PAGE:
Personal Injury


When a person is injured due to the negligence of someone else, the Georgia legal system is set up to allow the injured party to get compensation. But whether an injured person does in fact, get compensation–and whether that compensation is appropriate–will likely depend on how well their personal injury case is developed, negotiated, and presented. Successful outcomes in a Georgia personal injury lawsuit depend on methodical, step-by-step work from a good Duluth personal injury attorney.



The basic prerequisite is that the defendant owed a duty of care to the plaintiff. There are some cases where this is self-evident. In car accident cases, anyone who takes a vehicle onto the public road owes a duty of care to those around them. The same applies to bicycles, motorcycles, and trucks.

Other cases though, might have some gray area. To what extent does a property owner owe a duty of care to others? That will depend on the circumstances of each individual case. The plaintiff and their attorney must demonstrate that duty exists under the law, or there is no basis for a personal injury case.


Did the driver in a car accident do everything they reasonably could to avoid being in an accident? Did the business owner take reasonable steps to clean up a mess in the aisle before someone slipped? Breach can be a very contested area in a personal injury case, with differences of perspective in whether reasonable care was taken. A Duluth personal injury lawyer can work with their client on the important details of the case, from witness testimony to police reports and more.


Even if it’s established that the defendant breached a duty of care, the personal injury case is still only halfway to the finish line. The next step is to demonstrate that the breach was the cause of the injuries.

A plaintiff might wonder how the breach could not be responsible for their injuries. It all depends on the case, but insurance companies will almost certainly subpoena medical records, looking for preexisting conditions that the injuries could be at least partially attributed to. Efforts might be made to show that the accident would have still occurred, even if the defendant had acted with reasonable care.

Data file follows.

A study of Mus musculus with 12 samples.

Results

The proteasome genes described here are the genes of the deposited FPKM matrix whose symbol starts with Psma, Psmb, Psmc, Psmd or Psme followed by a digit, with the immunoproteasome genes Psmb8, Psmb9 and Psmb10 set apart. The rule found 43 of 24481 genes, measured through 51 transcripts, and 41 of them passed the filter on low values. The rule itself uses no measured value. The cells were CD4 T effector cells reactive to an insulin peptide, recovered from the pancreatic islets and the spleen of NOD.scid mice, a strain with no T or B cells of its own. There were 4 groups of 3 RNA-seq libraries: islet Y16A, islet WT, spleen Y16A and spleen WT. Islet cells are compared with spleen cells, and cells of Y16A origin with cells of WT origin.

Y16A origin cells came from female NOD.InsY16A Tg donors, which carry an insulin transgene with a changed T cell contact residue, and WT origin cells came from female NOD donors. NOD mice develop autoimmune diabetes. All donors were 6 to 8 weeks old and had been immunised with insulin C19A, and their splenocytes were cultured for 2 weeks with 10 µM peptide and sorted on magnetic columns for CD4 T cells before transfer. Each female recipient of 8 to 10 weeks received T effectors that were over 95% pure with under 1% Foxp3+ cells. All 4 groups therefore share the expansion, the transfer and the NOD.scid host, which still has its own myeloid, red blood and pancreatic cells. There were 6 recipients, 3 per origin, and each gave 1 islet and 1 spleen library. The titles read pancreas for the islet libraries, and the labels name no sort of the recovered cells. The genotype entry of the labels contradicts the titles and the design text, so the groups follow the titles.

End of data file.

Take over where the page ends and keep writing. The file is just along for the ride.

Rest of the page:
There are cases where causation will be obvious, but others where it won’t be – and the diligence of a lawyer might be the difference in how a case is resolved.


The need to prove this last aspect of negligence is why personal injury lawyers advise strongly against saying anything to anyone after an injury. It might be human nature to reassure someone after an accident that you are okay. But the injuries might start to take their toll after the fact, and previous statements might be used to undercut the claim of damages .

It’s also imperative to establish the full scope of damages. Basic medical expenses for treatment might be easy to establish. Lost wages from missed time at work can be documented. But what if the road to rehabilitation will be a long one? In serious injury cases, is there going to be a need to revamp a home to allow for wheelchair access? Is the road to recovery going to hinder one from growing in their career, adding up to lost future earnings potential? Is there psychological damage, ranging from PTSD to depression. Richard Parsons Lawyer

All of the above and more has to be asked by a knowledgeable personal injury lawyer if a fair settlement amount is to be reached.

Furthermore, damages are subject to Georgia law, which uses the principle of modified comparative fault. This means that plaintiffs can only collect damages in proportion to the defendant’s share of responsibility. A court might conclude that the defendant was only 75 percent at fault for the accident, with the plaintiff bearing 25 percent responsibility. That means the plaintiff can only collect 75 percent of the final settlement amount. If the plaintiff’s share of responsibility rises to 50 percent, they collect nothing at all.